Scott reintroduced the updated Addict at Eurobike last week, and showed the brand new Solace, a new model designed for the growing endurance segment of the road bike market.
The new Addict is light: a 995g frame and fork weight (for a size 54cm) is lighter than some frames. Scott has always been a manufacturer driven by weight and pushing at the limits of carbon frame design. The new Addict hasn’t been the best kept secret this year, we spotted it at Paris-Roubaix where it was getting some final race testing, before being properly unveiled at the Tour de France. This was our first chance to look at it all wrapped up in proper decals.
They’ve achieved the weight savings over the old Addict by using what they like to call HMX Net SL carbon fibre. In reality that means they’ve upped the amount of Toray T1000G carbon fibre, a light and strong fibre but with a high price tag, allowing Scott to reduce the weight of the frame while still maintaining the desired level of stiffness. The resin holding the fibres together is reinforced with carbon nanotubes, a further step in reducing weight.
Scott have worked at improving the comfort offered by the new Addict. The old model was incredibly stiff, almost too much for many peopel, and the Foil also offered an uncompromisingly stiff ride. With a narrow 27.2mm seatpost and chainstays and seatstays designed to provide a degree of deflection, Scott claim a 39% increase in flex under seatpost load.
The Addict laos borrows some of the Foil’s aerodynamic tube shaping, with similarly truncated airfoil main tubes that, claim Scott, reduces drag at 45kph by 13.2% compared to the old bike. We’re seeing the lines between regular road bikes and aero road bikes blurring, with bikes like the Trek Madone 7 showing it’s possible to offer increased aerodynamics while still retaining the classic road bikes lines.
The Addict will be available in seven builds, starting with a Shimano Ultegra option and rising to this pimped SRAM Red 22 build with Ritchey WCS Carbon stem, handlebars and seatpost and Syncros RL1.0 Carbon wheels.
The endurance sector is rapidly filling with offerings from most manufacturers, and the Solace is the latest to join the fray. Essentially, they’re regular road bikes with geometry modified - usually with taller head tubes and shorter top tubes - for longer distance riding, Gran Fondos and sportives, but still with the weight and ride performance of a race bike. Fast and comfortbale, what's not to like?
To achieve the desired level of comfort without compromising stiffness too much, Scott have split the frame into the Power Zone - head tube, down tube and chainstays - and the Comfort Zone - seat stays, seat tube and top tube. The fork is similarly split, the bottom half providing comfort and the top half stiffness. It’s a similar approach seen on other bikes, the Argon Gallium Pro for example, essentially the top half of the frame is skinny and designed to absorb vibrations, while the bottom half is beefed up enough for excellent power transfer and handling stiffness.
Every tube in the Power Zone is enlarged to provide stiffness, with the oversized press-fit bottom bracket shell, asymmetrical chainstays, huge downtube and tapered head tube. The top half of the frame is designed to allow deflection, and to allow the seat stays to do this well they've removed the brake caliper and placed it down below the chainstays. With the brake bridge now gone the seat stays should be able to provide increased comfort. Scott say that attaching the seat stays to the sides of the top tube instead of the seat tube further increases the frames ability to reduce vibrations reaching the rider.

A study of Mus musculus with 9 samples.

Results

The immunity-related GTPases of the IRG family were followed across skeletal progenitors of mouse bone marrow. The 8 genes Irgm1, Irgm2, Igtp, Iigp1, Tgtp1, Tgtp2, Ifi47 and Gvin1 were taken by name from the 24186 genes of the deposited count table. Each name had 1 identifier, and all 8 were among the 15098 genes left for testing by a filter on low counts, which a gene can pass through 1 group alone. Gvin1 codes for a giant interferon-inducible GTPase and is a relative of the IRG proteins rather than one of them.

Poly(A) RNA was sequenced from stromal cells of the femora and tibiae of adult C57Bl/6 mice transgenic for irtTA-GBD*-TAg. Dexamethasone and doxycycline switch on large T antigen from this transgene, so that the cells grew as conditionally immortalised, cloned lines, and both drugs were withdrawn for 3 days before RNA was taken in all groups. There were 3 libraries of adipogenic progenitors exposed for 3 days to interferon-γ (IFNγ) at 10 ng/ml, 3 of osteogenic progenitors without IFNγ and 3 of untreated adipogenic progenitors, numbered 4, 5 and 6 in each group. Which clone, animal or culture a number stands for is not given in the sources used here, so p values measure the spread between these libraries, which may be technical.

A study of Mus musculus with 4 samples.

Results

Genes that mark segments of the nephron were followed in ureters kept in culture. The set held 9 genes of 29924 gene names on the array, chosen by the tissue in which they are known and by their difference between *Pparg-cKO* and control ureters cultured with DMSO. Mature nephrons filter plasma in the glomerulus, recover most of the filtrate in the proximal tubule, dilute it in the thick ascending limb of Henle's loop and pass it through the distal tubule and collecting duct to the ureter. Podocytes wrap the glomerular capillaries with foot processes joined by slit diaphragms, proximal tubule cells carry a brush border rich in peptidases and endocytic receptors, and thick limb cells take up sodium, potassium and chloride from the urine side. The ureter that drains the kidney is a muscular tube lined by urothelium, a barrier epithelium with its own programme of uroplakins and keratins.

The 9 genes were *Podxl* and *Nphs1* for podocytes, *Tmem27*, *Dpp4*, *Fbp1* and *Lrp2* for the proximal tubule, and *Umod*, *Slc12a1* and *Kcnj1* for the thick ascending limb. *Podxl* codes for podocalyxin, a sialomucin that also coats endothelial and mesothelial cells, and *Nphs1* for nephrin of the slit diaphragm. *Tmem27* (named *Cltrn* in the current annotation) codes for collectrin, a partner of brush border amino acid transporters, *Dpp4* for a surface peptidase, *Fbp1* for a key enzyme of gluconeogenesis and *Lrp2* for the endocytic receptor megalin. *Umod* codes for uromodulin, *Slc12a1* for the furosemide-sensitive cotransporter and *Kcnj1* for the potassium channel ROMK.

Scott have clearly worked their carbon knowhow with the Solace, as the frame weighs a claimed 890g for a size 54cm. That’s pretty light, even by top-end race bike standards, let alone one designed to be comfortable. With a 330g fork the combined frameset weight is 1,220g. Like the Addict, the Solace has internally routed cables and is Di2 compatible, a tapered head tube and press-fit bottom bracket.
In the comfort stakes, Scott claim the new Solace provides 42% more of it than the CR1, but just how they arrived at this figure isn’t clear. Other claims they offered at Eurobike include a17% bottom bracket stiffness increase over the CR1. If these numbers stack up, and we can't wait to ride the bike to find out, it should be a really interesting contender in the endurance bike stakes, up against the likes of the Trek Domane, Bianchi Infinito CV, Specialized Roubaix and Cannondale Synapse, to name a few examples. The Solace will be offered in 12 sizes, with size-specific geometry and carbon layup.
Scott will offer the Solace in ten builds, from a Shimano 105 spec right up to this top of the line model with Shimano Dura-Ace Di2 (with internal battery), Syncros carbon finishing kit and Syncros RL1.1 carbon wheels.
We'll confirm UK prices when we get them... More details at www.scott-sports.com
David worked on the road.cc tech team from 2012-2020. Previously he was editor of Bikemagic.com and before that staff writer at RCUK. He's a seasoned cyclist of all disciplines, from road to mountain biking, touring to cyclo-cross, he only wishes he had time to ride them all. He's mildly competitive, though he'll never admit it, and is a frequent road racer but is too lazy to do really well. He currently resides in the Cotswolds, and you can now find him over on his own YouTube channel David Arthur - Just Ride Bikes.